Wednesday, May 26th, 2021 @ 2 pm -3 pm Eastern
Research can be the beating heart of a narrative—but ineffectively organized research (or completely unorganized research!) can leave you with a mess of computer files, cause you to spend days tracking down things you were sure were here somewhere, and even require you to omit beautiful stories and details that you cannot reliably source. Maybe you have folders on your computer that are full of haphazard photos or scans of documents, but you rarely look at them because there are so many and the file names are just strings of numbers, leaving you unsure what they are anymore. Or maybe your research is nicely archived in your computer, but when you need to describe a character’s home, you can’t remember which document holds that description.
In this webinar, we’ll explore concrete systems that will help you organize your material in ways that will help streamline the research-to-story process. We’ll start with tips for collecting and organizing—photos and scans from archives, books, and databases—and end with you at your desk, writing and readily finding the details you need when you need them.
In this webinar, you will learn how to:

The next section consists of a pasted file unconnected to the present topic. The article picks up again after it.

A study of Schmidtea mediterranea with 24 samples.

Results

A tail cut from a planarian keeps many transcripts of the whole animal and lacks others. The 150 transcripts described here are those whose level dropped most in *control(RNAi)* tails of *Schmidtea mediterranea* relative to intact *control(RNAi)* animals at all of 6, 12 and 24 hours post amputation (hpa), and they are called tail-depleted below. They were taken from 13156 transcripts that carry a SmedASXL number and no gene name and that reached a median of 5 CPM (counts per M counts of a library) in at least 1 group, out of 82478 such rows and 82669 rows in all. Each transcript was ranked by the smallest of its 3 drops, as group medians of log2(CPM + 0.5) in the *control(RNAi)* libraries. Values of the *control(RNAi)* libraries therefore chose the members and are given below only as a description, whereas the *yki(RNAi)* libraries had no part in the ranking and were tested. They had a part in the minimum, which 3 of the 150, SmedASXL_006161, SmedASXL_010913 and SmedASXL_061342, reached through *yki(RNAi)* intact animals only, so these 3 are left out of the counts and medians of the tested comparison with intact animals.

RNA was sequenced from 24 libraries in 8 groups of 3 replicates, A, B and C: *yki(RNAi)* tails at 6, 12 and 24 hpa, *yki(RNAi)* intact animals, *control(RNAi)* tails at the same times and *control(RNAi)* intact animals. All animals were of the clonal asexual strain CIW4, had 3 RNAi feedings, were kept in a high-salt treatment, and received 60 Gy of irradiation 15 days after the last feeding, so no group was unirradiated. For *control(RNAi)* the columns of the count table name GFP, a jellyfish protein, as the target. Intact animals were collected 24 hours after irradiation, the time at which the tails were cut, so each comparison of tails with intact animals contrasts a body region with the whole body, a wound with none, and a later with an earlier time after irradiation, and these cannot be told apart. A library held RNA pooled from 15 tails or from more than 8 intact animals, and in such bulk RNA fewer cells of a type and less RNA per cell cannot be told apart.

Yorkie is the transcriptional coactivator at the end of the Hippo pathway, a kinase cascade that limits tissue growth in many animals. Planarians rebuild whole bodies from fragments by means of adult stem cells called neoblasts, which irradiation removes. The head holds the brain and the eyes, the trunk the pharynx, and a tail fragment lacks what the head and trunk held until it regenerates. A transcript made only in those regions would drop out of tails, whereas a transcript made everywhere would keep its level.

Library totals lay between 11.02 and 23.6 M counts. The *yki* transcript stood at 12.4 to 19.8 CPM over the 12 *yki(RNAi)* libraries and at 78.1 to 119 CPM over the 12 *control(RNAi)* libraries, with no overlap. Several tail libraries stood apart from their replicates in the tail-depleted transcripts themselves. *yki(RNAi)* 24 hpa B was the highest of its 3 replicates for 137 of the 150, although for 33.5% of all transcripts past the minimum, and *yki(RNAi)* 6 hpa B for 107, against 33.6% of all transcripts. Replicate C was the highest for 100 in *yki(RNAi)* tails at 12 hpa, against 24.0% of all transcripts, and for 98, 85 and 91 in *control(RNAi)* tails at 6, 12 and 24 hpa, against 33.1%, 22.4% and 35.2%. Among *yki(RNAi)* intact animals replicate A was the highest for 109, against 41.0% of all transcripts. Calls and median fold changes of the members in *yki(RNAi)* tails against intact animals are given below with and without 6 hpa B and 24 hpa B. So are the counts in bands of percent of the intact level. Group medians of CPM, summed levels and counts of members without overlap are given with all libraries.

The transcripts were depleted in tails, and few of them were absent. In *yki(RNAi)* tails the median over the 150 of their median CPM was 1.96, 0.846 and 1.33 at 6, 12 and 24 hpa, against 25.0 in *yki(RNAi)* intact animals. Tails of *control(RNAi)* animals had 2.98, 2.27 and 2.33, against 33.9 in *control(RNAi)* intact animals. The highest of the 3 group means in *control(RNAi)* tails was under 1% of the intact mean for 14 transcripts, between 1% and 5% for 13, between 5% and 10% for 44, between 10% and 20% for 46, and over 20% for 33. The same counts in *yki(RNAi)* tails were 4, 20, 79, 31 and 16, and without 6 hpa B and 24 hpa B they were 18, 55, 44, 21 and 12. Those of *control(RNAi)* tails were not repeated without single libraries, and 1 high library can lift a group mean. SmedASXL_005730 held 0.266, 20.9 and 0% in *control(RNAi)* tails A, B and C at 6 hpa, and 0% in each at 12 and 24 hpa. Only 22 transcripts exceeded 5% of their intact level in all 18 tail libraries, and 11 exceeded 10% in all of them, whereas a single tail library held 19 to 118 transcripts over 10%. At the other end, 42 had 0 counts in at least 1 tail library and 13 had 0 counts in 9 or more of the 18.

There will be time for a Q & A at the end of the presentation.
This webinar is ideal for anyone interested in learning how to collect and organize information to shape your story-building. Open to all levels
It is not uncommon for classes to fill up before the end of early registration, particularly in the last few days before the deadline. If you know for certain that you wish to take a particular class, we recommend registering early. If you'd like to be added to a waitlist for a sold-out class, please email our director of education, Sharla Yates, at [email protected].
Creative Nonfiction’s online writing classes have helped more than 3,000 writers tell their stories better.
I enjoyed reading other peoples work and getting feedback about my own work– the handouts/video links and class lessons were also very informative and relevantly paced to the give structural guidelines.Catherine O’Neill
I enjoyed reading other peoples work and getting feedback about my own work– the handouts/video links and class lessons were also very informative and relevantly paced to the give structural guidelines.
Replays include ongoing access to the recording and downloadable supplemental materials.
Every true story contains gaps. By imagining our way into these gaps, we can transform our material and our writing experience.